The First Question of the Democratic Debate was a Challenge to Elizabeth Warren. She Didn’t Back Down.

The senator from Massachusetts planned for this moment.

Wilfredo Lee/AP


Warren tore into her campaign talking points—with a notable reference to “LatinX” Americans, a word that perhaps no other presidential candidate has ever used on a debate stage.

“The economy is doing great for a thinner and thinner slice at the top,” the Massachusetts senator said. “It’s doing great for giant drug companies. It’s not doing great for people who are trying to get a prescription filled.”

Warren added that the economy is working for “people who want to invest in private prisons. Just not for African-Americans and LatinX whose families are torn apart, lives destroyed, communities ruined.”

Watch the exchange below:


You expect the big picture, and it's our job at Mother Jones to give it to you. And right now, so many of the troubles we face are the making not of a virus, but of the quest for profit, political or economic (and not just from the man in the White House who could have offered leadership and comfort but instead gave us bleach).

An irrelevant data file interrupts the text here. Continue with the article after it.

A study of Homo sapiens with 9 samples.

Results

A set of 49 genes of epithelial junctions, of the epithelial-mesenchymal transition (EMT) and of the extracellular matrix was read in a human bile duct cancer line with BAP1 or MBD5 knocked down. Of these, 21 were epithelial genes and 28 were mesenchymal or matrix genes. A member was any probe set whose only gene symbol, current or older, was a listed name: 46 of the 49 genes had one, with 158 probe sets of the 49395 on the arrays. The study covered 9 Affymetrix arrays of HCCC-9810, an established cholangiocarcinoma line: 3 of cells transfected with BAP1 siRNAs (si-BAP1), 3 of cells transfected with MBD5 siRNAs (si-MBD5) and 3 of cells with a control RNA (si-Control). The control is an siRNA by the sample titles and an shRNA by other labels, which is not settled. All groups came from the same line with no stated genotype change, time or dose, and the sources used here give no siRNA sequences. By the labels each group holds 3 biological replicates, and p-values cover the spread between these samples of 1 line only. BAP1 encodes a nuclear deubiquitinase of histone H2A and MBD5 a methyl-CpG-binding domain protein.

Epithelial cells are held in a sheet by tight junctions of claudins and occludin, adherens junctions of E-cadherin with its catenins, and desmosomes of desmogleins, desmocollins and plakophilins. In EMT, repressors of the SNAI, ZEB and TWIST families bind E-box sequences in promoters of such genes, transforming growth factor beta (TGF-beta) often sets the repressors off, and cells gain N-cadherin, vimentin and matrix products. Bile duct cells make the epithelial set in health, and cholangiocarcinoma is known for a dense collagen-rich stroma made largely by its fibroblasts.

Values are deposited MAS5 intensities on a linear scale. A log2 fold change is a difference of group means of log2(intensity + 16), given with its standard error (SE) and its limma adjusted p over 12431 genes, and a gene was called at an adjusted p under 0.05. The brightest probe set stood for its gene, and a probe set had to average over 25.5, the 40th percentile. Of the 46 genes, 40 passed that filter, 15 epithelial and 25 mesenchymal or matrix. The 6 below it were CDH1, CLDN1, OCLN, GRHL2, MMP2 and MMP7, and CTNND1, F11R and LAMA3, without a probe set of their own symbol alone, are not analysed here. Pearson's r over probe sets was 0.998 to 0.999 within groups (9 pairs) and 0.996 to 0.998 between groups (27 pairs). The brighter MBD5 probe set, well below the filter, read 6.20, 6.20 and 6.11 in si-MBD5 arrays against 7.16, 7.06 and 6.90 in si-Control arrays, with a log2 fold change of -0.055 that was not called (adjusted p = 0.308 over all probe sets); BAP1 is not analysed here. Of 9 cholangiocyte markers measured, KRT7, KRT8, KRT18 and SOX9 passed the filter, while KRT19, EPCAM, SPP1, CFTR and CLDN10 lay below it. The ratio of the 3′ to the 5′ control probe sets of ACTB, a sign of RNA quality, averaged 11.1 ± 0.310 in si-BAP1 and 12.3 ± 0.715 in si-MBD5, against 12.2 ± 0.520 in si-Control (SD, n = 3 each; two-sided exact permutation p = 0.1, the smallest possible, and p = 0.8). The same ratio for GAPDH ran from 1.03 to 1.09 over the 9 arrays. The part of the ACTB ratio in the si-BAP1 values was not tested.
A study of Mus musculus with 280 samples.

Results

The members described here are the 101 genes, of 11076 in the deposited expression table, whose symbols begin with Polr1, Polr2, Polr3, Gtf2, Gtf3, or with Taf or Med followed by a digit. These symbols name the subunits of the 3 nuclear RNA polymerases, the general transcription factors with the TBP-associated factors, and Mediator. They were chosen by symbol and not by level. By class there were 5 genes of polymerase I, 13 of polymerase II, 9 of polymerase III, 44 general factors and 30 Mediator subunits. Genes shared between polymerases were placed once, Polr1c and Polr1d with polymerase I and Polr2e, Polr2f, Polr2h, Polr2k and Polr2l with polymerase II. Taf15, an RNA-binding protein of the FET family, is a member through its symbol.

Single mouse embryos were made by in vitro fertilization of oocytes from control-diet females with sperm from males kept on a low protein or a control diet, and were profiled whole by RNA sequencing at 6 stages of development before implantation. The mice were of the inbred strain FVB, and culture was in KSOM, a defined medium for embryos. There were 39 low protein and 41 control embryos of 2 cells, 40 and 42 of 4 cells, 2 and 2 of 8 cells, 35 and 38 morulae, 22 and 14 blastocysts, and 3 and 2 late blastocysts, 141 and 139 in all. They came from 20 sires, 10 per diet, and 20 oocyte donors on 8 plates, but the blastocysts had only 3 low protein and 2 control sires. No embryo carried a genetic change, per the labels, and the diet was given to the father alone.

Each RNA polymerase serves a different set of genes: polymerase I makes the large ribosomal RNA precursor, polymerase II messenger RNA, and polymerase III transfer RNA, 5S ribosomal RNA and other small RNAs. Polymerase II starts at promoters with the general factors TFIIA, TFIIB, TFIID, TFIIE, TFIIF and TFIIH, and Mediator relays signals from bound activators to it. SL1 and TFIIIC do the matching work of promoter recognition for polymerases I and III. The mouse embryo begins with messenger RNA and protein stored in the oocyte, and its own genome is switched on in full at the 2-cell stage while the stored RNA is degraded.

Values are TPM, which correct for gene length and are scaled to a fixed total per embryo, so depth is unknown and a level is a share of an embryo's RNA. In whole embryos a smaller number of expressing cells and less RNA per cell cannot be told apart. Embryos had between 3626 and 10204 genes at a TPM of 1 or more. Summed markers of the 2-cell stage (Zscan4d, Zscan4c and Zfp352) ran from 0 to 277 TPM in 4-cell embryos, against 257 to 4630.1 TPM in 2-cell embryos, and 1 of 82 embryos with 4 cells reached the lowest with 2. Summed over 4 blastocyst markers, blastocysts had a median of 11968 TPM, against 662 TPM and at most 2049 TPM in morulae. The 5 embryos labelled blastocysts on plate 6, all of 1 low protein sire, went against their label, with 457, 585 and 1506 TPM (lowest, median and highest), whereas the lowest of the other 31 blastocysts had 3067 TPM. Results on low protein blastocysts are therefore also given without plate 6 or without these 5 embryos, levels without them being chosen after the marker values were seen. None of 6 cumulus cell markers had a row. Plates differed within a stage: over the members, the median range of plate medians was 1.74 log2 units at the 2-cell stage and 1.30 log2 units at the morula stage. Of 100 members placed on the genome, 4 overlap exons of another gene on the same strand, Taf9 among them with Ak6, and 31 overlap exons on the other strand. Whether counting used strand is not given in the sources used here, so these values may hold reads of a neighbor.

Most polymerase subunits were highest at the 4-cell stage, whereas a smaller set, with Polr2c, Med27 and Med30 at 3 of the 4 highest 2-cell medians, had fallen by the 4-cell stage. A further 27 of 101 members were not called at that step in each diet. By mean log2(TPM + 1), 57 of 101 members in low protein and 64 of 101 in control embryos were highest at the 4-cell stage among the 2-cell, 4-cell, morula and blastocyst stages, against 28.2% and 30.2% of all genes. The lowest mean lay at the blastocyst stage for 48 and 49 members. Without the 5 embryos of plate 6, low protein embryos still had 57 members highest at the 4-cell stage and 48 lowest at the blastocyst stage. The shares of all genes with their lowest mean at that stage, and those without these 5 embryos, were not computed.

In "News Is Just Like Waste Management," we unpack what the coronavirus crisis has meant for journalism, including Mother Jones’, and how we can rise to the challenge. If you're able to, this is a critical moment to support our nonprofit journalism with a donation: We've scoured our budget and made the cuts we can without impairing our mission, and we hope to raise $400,000 from our community of online readers to help keep our big reporting projects going because this extraordinary pandemic-plus-election year is no time to pull back.